Making Policy Research Conducive to Policy Change: No Simple Recipe!

(Cross-posted on the PIM website.)

How can research generate policy-relevant evidence? How can we increase the likelihood that evidence is used effectively by decision-makers? How can researchers ensure that research serves as a “catalyst” to boost the effectiveness of policies and programs?

M. Mitchell/IFPRI

M. Mitchell/IFPRI

From November 18-20th, a group of more than 50 policy experts, researchers, and practitioners from the agriculture, natural resource management, nutrition, and health sectors convened at the International Food Policy Research Institute (IFPRI) in Washington, DC to try and answer some of these tough questions during the “Workshop on Approaches and Methods for Policy Process Research. This event was co-sponsored by the CGIAR Research Programs on Policies, Institutions and Markets (PIM) and Agriculture for Nutrition and Health (A4NH), both led by IFPRI.

Panel

M. Mitchell/IFPRI

The workshop objectives included the following:

  • To increase the capacity of CGIAR Research Programs to generate policy-relevant evidence;
  • To increase the likelihood that evidence is effectively used by decisionmakers;
  • To develop guidance and understanding on how to use research evidence to influence and engage with policy processes; and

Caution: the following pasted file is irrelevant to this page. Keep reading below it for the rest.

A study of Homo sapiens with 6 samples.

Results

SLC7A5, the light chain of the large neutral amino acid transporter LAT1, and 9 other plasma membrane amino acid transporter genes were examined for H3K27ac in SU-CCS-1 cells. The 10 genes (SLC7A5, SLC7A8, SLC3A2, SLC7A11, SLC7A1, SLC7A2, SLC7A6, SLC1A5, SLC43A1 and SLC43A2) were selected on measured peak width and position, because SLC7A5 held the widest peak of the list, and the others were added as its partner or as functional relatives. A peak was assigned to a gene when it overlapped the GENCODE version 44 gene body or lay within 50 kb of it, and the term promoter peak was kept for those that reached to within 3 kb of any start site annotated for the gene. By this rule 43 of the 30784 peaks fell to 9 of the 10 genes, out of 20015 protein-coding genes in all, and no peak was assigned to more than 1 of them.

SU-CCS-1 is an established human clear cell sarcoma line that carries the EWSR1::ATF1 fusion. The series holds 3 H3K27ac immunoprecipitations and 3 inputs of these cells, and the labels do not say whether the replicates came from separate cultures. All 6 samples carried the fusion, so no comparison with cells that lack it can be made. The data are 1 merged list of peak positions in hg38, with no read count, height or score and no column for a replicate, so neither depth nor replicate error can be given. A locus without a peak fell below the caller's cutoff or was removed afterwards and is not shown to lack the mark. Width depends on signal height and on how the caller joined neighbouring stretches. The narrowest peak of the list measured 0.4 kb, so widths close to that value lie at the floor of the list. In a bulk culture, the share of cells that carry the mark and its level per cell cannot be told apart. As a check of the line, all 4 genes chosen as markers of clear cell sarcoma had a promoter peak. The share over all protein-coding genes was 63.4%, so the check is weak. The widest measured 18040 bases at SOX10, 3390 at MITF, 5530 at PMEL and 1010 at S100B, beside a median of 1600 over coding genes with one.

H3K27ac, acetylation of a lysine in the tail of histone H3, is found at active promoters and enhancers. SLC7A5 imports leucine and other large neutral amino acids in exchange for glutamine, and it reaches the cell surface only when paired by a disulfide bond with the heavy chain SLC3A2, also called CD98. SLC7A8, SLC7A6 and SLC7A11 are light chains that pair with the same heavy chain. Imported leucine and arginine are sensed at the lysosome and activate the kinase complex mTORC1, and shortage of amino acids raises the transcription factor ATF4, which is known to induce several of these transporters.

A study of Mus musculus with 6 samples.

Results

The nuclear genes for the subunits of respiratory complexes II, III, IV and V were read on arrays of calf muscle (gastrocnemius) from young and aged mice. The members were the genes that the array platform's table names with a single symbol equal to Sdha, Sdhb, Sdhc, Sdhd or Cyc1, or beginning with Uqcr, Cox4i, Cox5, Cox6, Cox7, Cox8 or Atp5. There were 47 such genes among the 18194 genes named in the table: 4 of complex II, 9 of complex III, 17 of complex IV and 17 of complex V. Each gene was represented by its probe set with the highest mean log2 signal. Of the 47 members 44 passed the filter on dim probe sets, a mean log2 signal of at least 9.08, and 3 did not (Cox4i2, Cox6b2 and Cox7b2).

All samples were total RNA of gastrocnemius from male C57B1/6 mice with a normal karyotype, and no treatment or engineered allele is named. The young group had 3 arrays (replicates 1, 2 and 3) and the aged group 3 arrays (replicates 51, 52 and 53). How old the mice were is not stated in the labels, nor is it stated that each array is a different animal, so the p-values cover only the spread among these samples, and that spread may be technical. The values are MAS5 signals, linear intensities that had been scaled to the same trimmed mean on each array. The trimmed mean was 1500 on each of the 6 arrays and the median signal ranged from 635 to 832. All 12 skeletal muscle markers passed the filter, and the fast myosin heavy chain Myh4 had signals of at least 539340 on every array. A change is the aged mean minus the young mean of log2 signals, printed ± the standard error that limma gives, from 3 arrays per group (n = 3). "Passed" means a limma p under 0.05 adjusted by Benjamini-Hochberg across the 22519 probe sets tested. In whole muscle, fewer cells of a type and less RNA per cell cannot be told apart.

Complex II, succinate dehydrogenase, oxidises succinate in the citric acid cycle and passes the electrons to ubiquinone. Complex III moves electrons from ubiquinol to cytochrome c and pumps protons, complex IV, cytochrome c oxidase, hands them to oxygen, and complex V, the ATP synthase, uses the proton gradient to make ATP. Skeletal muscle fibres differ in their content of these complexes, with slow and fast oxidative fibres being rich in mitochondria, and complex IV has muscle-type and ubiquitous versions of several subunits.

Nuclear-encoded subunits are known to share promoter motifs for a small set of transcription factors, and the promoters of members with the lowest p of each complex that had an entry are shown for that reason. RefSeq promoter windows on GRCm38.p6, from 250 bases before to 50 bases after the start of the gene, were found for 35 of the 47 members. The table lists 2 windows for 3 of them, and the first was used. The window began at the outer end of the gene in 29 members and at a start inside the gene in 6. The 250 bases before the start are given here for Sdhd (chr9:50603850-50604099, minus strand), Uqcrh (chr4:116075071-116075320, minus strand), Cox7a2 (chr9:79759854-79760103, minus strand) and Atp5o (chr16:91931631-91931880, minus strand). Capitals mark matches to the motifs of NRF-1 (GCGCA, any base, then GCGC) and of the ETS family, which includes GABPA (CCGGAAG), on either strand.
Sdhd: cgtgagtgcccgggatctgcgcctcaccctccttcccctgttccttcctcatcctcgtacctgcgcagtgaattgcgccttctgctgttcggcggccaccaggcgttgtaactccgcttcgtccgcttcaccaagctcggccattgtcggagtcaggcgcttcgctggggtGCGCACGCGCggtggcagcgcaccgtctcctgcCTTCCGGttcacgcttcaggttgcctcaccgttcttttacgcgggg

• To evaluate the contribution of research to policy formulation and implementation.

Through a combination of keynote addresses, case studies and presentations, and working group sessions, participants learned about the state of the art and got feedback on ongoing work on policy analysis and influence. Workshop participants grappled with the challenges of doing research in complex systems and identified areas that could benefit from further engagement with external experts.  Discussion topics included, among others, examining trade-offs in benefits, harms, and risk in policy decisionmaking, the need for both generalizable policy lessons and a grounded, contextual understanding of local realities,  the need for mixed method research approaches that accommodate complexity, and the difficulty of measuring and evaluating the impacts and outcomes of policy-oriented research. Over the course of the three days, participants made new connections and strengthened existing networks, building a foundation for a much-needed community of practice focused on this topic.

The organizers will explore developing toolkits to introduce other researchers to useful methods for conducting rigorous and thoughtful research on this topic, including a focus on participatory action research.

 

Additional workshop resources

  • Click  here  to view the event overview and agenda.